A new study indicates that when it comes to weight loss, nothing beats the tried and true formula of good old-fashioned exercise and eating fewer fatty foods.
After analyzing data from more than 4,000 obese individuals, researchers from Harvard found that those who exercised and avoided fatty foods were significantly more likely to lose weight compared to those who tried liquid diets, nonprescription weight loss pills, and diet products.
The research results appeared in the April 10 online issue of the American Journal of Preventative Medicine.
Subjects from the study were over the age of 20, and had a body mass index of 30 or more a year before the interview.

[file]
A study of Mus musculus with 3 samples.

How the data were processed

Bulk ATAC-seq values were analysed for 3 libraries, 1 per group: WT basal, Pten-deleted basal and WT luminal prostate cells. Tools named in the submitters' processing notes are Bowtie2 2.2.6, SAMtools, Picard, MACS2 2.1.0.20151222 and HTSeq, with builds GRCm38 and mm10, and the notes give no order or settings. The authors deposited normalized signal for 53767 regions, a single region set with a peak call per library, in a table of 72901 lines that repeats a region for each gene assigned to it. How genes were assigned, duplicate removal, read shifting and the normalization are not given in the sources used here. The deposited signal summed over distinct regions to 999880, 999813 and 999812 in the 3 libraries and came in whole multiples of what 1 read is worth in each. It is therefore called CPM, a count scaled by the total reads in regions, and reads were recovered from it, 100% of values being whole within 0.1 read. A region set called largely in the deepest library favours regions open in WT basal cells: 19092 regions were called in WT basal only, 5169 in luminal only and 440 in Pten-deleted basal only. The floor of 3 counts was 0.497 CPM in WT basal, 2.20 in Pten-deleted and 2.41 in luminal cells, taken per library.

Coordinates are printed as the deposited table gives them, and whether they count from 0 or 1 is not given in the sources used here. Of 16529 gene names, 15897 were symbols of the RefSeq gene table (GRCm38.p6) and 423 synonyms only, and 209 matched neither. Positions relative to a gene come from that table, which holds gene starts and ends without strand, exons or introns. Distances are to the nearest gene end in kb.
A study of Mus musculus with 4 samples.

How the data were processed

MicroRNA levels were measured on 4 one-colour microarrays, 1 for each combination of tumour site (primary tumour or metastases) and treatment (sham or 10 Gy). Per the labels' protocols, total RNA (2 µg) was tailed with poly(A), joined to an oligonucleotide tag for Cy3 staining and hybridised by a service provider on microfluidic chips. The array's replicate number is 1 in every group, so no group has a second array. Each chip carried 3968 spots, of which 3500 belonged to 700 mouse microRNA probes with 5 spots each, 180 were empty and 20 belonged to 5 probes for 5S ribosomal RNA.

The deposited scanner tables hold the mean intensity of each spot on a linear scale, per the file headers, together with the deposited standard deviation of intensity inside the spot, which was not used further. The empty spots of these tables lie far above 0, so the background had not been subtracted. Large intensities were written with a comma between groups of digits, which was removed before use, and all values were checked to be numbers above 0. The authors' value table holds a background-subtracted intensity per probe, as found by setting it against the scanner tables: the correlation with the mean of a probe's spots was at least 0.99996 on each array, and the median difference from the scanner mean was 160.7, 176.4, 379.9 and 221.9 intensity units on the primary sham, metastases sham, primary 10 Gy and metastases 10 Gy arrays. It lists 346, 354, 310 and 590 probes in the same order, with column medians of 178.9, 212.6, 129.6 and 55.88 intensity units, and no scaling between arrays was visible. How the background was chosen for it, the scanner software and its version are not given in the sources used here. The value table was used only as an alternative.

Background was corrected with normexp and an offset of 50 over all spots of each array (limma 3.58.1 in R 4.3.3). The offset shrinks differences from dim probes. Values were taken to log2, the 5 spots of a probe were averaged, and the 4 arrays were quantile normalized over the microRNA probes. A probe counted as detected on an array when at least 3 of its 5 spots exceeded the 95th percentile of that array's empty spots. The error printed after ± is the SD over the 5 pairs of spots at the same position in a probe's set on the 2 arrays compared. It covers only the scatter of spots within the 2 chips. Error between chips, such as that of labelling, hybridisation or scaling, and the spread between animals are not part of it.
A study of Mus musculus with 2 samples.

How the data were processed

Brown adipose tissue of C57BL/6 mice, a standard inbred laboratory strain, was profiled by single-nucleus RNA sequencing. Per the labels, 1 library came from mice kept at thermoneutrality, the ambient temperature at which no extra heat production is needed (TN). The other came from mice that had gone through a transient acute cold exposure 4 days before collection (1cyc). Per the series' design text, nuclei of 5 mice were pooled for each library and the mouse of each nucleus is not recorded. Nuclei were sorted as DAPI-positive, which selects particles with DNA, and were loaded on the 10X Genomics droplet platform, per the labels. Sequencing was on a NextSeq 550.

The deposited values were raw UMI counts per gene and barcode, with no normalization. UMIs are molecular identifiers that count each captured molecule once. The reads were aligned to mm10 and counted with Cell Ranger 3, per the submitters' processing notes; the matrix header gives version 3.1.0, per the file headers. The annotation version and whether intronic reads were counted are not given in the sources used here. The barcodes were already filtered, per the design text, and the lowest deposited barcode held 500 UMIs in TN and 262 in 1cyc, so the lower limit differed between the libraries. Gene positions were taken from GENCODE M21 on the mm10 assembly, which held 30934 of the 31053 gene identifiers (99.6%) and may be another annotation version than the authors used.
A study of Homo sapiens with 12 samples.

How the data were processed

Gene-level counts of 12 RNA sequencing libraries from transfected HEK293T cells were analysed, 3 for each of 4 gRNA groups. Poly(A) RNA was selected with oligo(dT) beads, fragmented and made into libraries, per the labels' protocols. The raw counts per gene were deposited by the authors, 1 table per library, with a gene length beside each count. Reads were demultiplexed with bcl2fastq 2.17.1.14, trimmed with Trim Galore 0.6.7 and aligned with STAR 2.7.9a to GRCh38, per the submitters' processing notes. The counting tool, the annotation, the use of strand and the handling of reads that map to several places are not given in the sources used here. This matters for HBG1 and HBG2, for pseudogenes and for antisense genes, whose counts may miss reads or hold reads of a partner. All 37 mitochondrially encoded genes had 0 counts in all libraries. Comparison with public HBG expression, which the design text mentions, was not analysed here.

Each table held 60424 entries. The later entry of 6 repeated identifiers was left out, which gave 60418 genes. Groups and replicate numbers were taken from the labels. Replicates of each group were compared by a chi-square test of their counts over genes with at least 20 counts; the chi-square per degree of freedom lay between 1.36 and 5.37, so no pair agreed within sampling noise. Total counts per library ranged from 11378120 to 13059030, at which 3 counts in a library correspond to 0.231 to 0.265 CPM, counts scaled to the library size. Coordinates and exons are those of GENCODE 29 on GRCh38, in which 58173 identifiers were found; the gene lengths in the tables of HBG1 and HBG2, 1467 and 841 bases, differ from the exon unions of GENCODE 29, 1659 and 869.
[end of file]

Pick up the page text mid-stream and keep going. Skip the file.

The finding shouldn’t come as a surprise, but may dampen hopes among the millions of Americans holding out for a quick fix or miracle pill to help them lose the weight painlessly.
More than half of the group said they tried to lose weight. Of that group, 40 percent said they experienced a weight loss of five percent or more, while another 20 percent lost 10 percent or more.
Meanwhile, according to experts at the Mayo Clinic, cutting calories through smart dietary changes is more effective at promoting weight loss than physical activity alone. While the ideal weight loss strategy would be to do both, the key to weight loss is burning more calories than you consume.
For example, because 3,500 calories equals about one pound or half a kilogram of fat, Dr. Donald Hensrud points out that cutting 500 calories from your diet each day would result in the loss of one pound a week.